David Cameron had hardly got his foot through the front door of number 10, before the hankering for further whiplash reform had begun.
The Forum of Insurance Lawyers (FOIL) wasted no time in making their motivations clear for the next five years with a celebratory tweet, heralding the fact that LASPO will remain ‘unpicked’ and urging future reform to the personal injury industry.
In the tweet, FOIL alludes to the alleged “Compo Culture” and suggests that more reform is needed to tackle this. They also mention Mesothelioma, Conditional Fee Agreements and Noise Induced Hearing Loss claims as ‘wasteful’, points that will not sit comfortably with the personal injury sector.
The election result is bound to cause apprehensions among personal injury lawyers considering the wholesale reforms that have gone on before in the previous five years.
It is actually surprising that the insurers in this case did not make a direct reference to the small claims limit, although there is a chance that the comments regarding more reforms to tackle the alleged compensation culture would include their plans for this.
With the insurance industry still channelling the myth of a compensation culture there is no sign of the fight back from the personal injury profession ceasing and this week APIL’s new president, Jonathan Wheeler, carried that fight in his blog.
He pointed out that since 2010/11 the number of whiplash claims being made in the UK had dropped by 200,000, from 566,998 to 369,634. What’s more he also stated that in the past year alone, whiplash claims have fallen by eight percent.
Despite this though, the insurers continue to hike the prices of insurance premiums, going against everything they promised in regards to the deal over reforming the way whiplash claims are dealt with.
These are not figures that are being produced by the personal injury just to feed their own propaganda. These claims are coming directly from figures released by the Government themselves. Surely it is time then that the newly elected Government asked the insurers as to why car insurance premiums are set to increase again this year, in spite of their own revelations?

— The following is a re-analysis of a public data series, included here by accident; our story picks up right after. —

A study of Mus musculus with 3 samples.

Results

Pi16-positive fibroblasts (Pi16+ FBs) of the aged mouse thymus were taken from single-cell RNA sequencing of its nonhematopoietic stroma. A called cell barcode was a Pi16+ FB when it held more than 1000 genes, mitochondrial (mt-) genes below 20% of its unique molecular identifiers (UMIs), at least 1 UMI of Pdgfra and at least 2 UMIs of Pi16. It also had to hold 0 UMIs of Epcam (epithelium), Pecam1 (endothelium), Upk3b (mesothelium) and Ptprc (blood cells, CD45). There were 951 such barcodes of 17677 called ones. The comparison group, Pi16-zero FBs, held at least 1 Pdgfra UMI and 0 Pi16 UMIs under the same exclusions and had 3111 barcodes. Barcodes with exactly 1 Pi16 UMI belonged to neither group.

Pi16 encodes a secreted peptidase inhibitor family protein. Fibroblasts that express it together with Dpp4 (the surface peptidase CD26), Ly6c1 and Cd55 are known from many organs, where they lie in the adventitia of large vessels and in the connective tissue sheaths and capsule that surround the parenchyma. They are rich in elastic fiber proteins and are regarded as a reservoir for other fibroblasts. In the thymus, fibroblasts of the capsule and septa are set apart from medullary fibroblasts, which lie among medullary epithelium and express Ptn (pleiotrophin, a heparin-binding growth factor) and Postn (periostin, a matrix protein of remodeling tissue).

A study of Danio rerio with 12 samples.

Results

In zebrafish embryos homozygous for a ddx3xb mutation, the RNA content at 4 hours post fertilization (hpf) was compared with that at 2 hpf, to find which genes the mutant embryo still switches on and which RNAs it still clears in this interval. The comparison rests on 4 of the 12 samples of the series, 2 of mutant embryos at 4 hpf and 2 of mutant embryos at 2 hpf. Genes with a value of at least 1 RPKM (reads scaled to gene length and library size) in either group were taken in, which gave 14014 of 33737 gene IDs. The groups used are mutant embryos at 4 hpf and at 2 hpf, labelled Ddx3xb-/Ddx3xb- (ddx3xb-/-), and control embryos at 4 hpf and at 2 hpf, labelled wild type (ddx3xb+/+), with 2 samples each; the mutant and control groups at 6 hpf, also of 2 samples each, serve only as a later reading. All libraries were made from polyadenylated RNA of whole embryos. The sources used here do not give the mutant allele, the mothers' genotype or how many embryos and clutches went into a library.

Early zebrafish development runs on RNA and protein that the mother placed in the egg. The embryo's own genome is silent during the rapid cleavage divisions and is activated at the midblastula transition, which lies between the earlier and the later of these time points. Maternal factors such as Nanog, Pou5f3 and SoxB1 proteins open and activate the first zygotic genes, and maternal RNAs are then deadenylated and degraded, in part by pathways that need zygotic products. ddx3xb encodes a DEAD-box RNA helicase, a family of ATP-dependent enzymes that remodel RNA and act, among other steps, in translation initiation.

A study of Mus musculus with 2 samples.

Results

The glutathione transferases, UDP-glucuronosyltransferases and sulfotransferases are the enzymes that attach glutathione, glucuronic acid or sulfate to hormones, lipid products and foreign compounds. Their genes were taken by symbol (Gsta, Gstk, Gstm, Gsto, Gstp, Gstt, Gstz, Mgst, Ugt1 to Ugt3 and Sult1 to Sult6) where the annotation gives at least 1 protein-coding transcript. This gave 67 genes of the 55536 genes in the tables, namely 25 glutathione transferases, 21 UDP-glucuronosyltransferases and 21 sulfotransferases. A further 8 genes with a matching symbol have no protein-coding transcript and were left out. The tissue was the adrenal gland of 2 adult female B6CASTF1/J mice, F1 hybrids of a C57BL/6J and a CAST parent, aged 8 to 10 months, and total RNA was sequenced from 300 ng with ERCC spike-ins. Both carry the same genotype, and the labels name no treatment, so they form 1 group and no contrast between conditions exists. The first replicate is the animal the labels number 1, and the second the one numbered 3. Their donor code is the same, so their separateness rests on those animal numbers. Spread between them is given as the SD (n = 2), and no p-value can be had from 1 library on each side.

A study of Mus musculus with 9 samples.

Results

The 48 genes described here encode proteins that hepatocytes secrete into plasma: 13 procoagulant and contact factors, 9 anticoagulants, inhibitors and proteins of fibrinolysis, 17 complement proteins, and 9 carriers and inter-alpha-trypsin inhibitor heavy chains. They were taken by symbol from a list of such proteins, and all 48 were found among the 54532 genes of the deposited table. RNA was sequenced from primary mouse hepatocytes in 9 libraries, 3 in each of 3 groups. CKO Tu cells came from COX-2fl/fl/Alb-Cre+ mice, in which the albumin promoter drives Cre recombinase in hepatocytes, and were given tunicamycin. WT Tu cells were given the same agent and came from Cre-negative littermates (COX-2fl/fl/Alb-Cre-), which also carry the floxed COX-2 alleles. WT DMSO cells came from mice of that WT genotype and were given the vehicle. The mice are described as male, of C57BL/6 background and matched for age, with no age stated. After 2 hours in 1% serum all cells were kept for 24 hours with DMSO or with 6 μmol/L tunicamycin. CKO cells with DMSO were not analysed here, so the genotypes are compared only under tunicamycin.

If they fail to and move further towards giving insurance representatives such as FOIL, what they want then they are immediately undermining themselves.
So in response to the tweet by the Forum of Insurance Lawyers, there is no need for more reform to tackle the compensation culture as clearly the compensation culture is a myth created by the insurers to continue to force through their agenda and protect their profits.
Mesothelioma is something that needs looking at but we would suspect not in the way that the Forum would like it to be.
There has been and is a wasted opportunity when it comes to the Mesothelioma act and that is to ensure more of these desperately ill victims or families of those lost to the killer disease, are compensated in a manner that they deserve.
To attempt to take anything else from them though fixed recoverable costs is simply inhumane and in essence you it would be stealing from the dying or deceased. There is not justification for this and the insurers simply have to be stopped in their tracks when it comes to attempting to encourage these reforms.
As for Noise Induced hearing loss, it is predictably clear that the insurance industry see this as the ‘new whiplash’. Our only hope is that it doesn’t become literally that in terms of the obstruction of justice by petty and unnecessary reforms.
Yes there has been an increase in the number of NIHL claims being made in recent years, but this has a lot more to do with the fact that those suffering from it have more education on the condition, rather than an attempt to encourage more claims from the personal injury lawyers.
Sufferers of noise induced hearing loss are well within their rights to claim for compensation, now that it has become clear that it was avoidable. What the insurers need to realise is just how vulnerable the victims of NIHL have become and the impact that I has on the way they live their lives.
We might not have a new government and it may be true that LASPO will remain ‘unpicked’ but what is important now is that the Government shape up and admit where they have been wrong.
The Whiplash figures have proven what was said all along and that was it was simply not true that there was a compensation culture and that insurers are legitimately only interested in serving themselves and protecting their profits.
This has to be taken into account when considering the more serious issues of Mesothelioma and NIHL and the Government simply has to refuse to hammer the industry with more reform, or we can all but kiss goodbye to access to justice for genuine claimants.